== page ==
Sunday, May 29, 2016
Honoring Sgt. Malbert Montgomery Cooper
Today I placed some flowers and a flag on Sgt. Malbert Montgomery Cooper's grave. He did not have a headstone for his grave when he was buried on May 2, 1979. It took six years of negotiations to get an government-issued marker thanks to the efforts of Veterans Service Director Chuck Elmore, Veterans Service Officer Nadel Barrett and me, Patricia Bayonne - Johnson, President of Eastern Washington Genealogical Society in Spokane, Washington.
On May 11, 2009, I went to Spokane Memorial Gardens, Cheney-Spokane to photograph the headstone to accompany an article I had written
about Sgt. Cooper. My husband I traveled to the cemetery and went to the office to get the location of the grave. We wandered around the area where the marker should have been for an hour but couldn't find one. So we headed back to the office and the staff looked again and gave us the bad news: Sgt. Cooper was buried without a headstone because he was buried by Public Assistance which would not pay for a headstone. They would only pay for the burial. But the good news was because Cooper had been in the military, the government would issue a headstone. All I needed was his DD214 - his discharge papers.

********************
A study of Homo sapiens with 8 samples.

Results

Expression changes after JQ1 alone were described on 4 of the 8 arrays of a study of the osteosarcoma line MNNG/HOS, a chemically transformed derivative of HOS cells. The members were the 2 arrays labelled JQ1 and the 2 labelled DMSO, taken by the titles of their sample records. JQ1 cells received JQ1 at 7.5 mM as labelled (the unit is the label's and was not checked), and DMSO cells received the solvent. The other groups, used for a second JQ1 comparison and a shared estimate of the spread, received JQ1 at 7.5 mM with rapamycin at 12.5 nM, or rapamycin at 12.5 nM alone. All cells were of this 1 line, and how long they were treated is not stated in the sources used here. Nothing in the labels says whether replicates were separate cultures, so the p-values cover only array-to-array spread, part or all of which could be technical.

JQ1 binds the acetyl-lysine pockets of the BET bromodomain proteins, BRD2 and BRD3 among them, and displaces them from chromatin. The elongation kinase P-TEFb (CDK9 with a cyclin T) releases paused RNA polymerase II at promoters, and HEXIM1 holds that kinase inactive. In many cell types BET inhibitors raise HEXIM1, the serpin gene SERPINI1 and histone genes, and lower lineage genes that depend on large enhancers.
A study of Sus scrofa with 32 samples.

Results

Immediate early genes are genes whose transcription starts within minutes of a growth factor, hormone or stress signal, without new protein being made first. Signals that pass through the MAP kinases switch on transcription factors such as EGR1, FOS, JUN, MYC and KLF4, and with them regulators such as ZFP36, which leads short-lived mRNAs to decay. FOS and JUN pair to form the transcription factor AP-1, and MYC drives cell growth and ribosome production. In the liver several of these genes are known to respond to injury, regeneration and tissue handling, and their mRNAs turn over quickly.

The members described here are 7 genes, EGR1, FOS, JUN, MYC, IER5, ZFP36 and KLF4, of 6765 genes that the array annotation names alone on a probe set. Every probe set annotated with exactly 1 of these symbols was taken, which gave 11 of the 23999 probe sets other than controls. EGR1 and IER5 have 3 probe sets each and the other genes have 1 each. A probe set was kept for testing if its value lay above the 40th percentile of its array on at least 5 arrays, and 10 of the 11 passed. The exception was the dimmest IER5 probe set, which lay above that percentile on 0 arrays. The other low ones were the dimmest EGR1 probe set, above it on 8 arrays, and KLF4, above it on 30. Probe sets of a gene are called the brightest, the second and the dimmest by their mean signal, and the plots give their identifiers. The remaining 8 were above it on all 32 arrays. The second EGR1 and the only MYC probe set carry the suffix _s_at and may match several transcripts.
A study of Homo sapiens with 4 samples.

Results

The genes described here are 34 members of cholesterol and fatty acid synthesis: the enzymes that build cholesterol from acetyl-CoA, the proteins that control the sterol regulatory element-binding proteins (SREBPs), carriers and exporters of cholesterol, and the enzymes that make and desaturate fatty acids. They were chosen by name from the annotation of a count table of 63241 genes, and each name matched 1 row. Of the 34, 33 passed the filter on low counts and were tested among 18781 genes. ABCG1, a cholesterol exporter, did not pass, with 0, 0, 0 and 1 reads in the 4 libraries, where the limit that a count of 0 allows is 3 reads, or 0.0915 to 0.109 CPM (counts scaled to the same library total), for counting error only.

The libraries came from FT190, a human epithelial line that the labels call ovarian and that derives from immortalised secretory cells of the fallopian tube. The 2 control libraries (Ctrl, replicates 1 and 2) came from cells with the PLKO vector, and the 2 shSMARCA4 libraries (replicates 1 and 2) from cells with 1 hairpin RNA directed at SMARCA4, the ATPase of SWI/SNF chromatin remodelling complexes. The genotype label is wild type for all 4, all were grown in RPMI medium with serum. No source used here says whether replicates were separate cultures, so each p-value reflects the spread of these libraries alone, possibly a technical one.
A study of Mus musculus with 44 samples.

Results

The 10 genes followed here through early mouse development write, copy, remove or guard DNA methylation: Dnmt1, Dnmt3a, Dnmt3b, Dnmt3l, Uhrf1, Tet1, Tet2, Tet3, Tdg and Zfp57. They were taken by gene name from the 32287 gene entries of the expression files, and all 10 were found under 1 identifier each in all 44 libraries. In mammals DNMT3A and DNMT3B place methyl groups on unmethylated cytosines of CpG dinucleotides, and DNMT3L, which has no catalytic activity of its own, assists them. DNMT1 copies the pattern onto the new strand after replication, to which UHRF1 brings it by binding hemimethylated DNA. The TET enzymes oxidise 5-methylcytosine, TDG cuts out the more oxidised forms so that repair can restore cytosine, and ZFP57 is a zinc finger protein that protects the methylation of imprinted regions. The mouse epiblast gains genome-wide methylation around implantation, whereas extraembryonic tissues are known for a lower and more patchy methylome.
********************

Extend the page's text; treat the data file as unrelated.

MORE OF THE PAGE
I contacted Chuck Elmore by email, starting a process that would last six long years to get that government- issued headstone. I had two appointments with Elmore to discuss the documents and photos I had for Sgt. Cooper. Chuck knew all the places to be contacted, so he took over from there.
The matter was complicated because Sgt. Cooper did not have any relatives. He was married twice and the last woman had a son, but he had not been adopted by Cooper. It was difficult to find the paper work on Cooper but Chuck was successful. Then I got more bad news: I had to be the next of kin to apply for a government headstone. Well, I am not the next-of-kin; I am just an interested party trying to get the government to do the right thing. The man served his country and he deserved a headstone! That was the most ridiculous thing I ever heard in my life! Chuck even talked to Senator Patty Murray about it; the last response she got from the VA, was if we wanted a headstone we would have to take them to court.
Then Elmore hired Nadel Barrett, a Navy veteran in January 2015. Nadel, a lawyer, took over Cooper's case and was successful in getting an approval from the VA without having to go to court. I received a call some time in May 2015 after the headstone was installed. My husband and I immediately drove out to see it. A full military burial ceremony was held on May 27, 2015. I have never attended a military burial ceremony and it was very moving - Honor Guards, Flag Folding, Taps and a gun salute. What a Day!